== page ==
I don’t remember what I did for my mom on her last Mother’s Day. I hope we got her lobsters for dinner, or maybe flowers for her gardens — these were two of her absolute favorite things. Whatever it was, I’m sure it wasn’t enough. It’s been 15 years since then, however, and at this point, I honestly have no recollection.

She died a month later, 13 months after being diagnosed with a rare and aggressive form of lung cancer the doctor said would take her life in six months, tops. She was past the point of treatment — she liked to say she was “carrying on; living with, not dying of, cancer.” She’d grown thin quickly, however, and her body was weak, though she tried to be strong. The morning she went into the hospital for the last time, she was on her way home after dropping my brother off at school when she swerved into a ditch to miss a deer on the road. Though she survived the crash, her car accident did something to her stomach that required surgery. As she was being put under, the last thing she told my siblings and I was that it would be fine, everything would be fine. And yet, her face looked panicked in a steely sort of way, like she was holding back laughter or tears. I don’t think she believed it herself. After the surgery, she was hooked up to machines for a few days, but to no avail: She never woke up again.

It’s hard enough to get through the days, weeks, and months following the death of a loved one, but holidays are a special kind of hell. Not even just the first one, like everyone says — nothing is ever quite the same. As in many homes, my mom was the glue of ours. More than the glue, even; she seemed to be our reason for existing, and the traditions in our family were fundamentally changed by her death. Christmases are much quieter now; birthdays too. I didn’t even call home on Easter this year (bad, I know). How much of this is just the nature of a family growing up together I don’t know, because we didn’t get to that point in our lives with her to see what it was like.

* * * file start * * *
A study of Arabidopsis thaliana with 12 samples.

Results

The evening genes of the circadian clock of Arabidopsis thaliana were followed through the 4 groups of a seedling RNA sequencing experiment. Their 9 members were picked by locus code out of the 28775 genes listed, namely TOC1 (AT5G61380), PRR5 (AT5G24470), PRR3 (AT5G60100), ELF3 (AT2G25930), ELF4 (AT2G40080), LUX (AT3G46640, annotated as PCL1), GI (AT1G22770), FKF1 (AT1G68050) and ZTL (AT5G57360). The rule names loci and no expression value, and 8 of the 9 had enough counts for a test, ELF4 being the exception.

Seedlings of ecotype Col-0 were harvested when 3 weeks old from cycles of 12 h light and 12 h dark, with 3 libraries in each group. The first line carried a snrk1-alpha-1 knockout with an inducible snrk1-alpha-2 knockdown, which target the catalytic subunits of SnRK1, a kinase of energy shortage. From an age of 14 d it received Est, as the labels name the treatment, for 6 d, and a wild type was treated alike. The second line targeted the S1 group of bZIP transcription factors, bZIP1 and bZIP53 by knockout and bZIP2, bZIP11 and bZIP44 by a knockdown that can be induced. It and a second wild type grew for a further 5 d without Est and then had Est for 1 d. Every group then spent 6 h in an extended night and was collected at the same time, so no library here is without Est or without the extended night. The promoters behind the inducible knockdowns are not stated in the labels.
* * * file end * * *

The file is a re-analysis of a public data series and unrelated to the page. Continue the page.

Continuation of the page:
But of course, Mother’s Day has a special sting. It’s inescapable. No company pushing perfume or pedicures stops to take into consideration those of us for whom the holiday is less than celebratory. Come Mother’s Day, every year, with all the email newsletters and store displays, I’d give anything to feel stressed about what to get for her. I’d buy every shitty card in all the stores if I still could. Another knickknack you don’t need? Here’s 300 of them! I’ll move home and never leave if all you want this year is to spend time with your kids, Mom. Don’t try me.

Almost a full year had passed by the time the first Mother’s Day without her rolled around. We’d been through the holidays, graduations, birthdays, and even a few other gut-wrenching firsts, like receiving some good news only to remember that she wasn’t there to share it with. Shortly after she died, someone (I think it was a telemarketer), called and asked for her by name — I’d never been so stunned in my life. There are other details that I don’t remember, except for bits and pieces.

Over the past few years, the increasing performative Olympics of social media have created a whole new kind of grief. Of course, no one should feel guilty for celebrating. Flood my feed with your joy, please — I mean it; it’s so sweet, I get to live vicariously through it (though pity posts, not so much). I have a lot of feelings surrounding the day, and it’s hard to juggle them all. I think I’ve gotten better at managing other people’s grief over my mom’s death than my own throughout the years.

Some days I don’t really have the energy to cope with it all, but on Mother’s Day it’s almost impossible not to, so I dig in and feel it all and try to remember as much as I can. Broad strokes like school day routines, or small details like how she chewed the inside of her cheek (same). I squeeze my left thumb into my palm, because for some reason that nail is bumpy, just like hers was. I think about my father and my siblings. I feel grateful that I’ve had so many amazing women in my life, women I think my mom would love and probably send “Just Because” cards with funny drawings inside them to: She was always such a goof.

It does get easier, of course — time healing all is a cliche I’ve clung to in my own experience. Someday, in the not-too-distant future, I’ll have been alive without my mom for longer than I was with. Still, I think about her almost every day, and on Mother’s Day, I try to be a little more okay with the fact that not only in her too-short life, but in her death, as well, she’s given me so much. And I know she always will.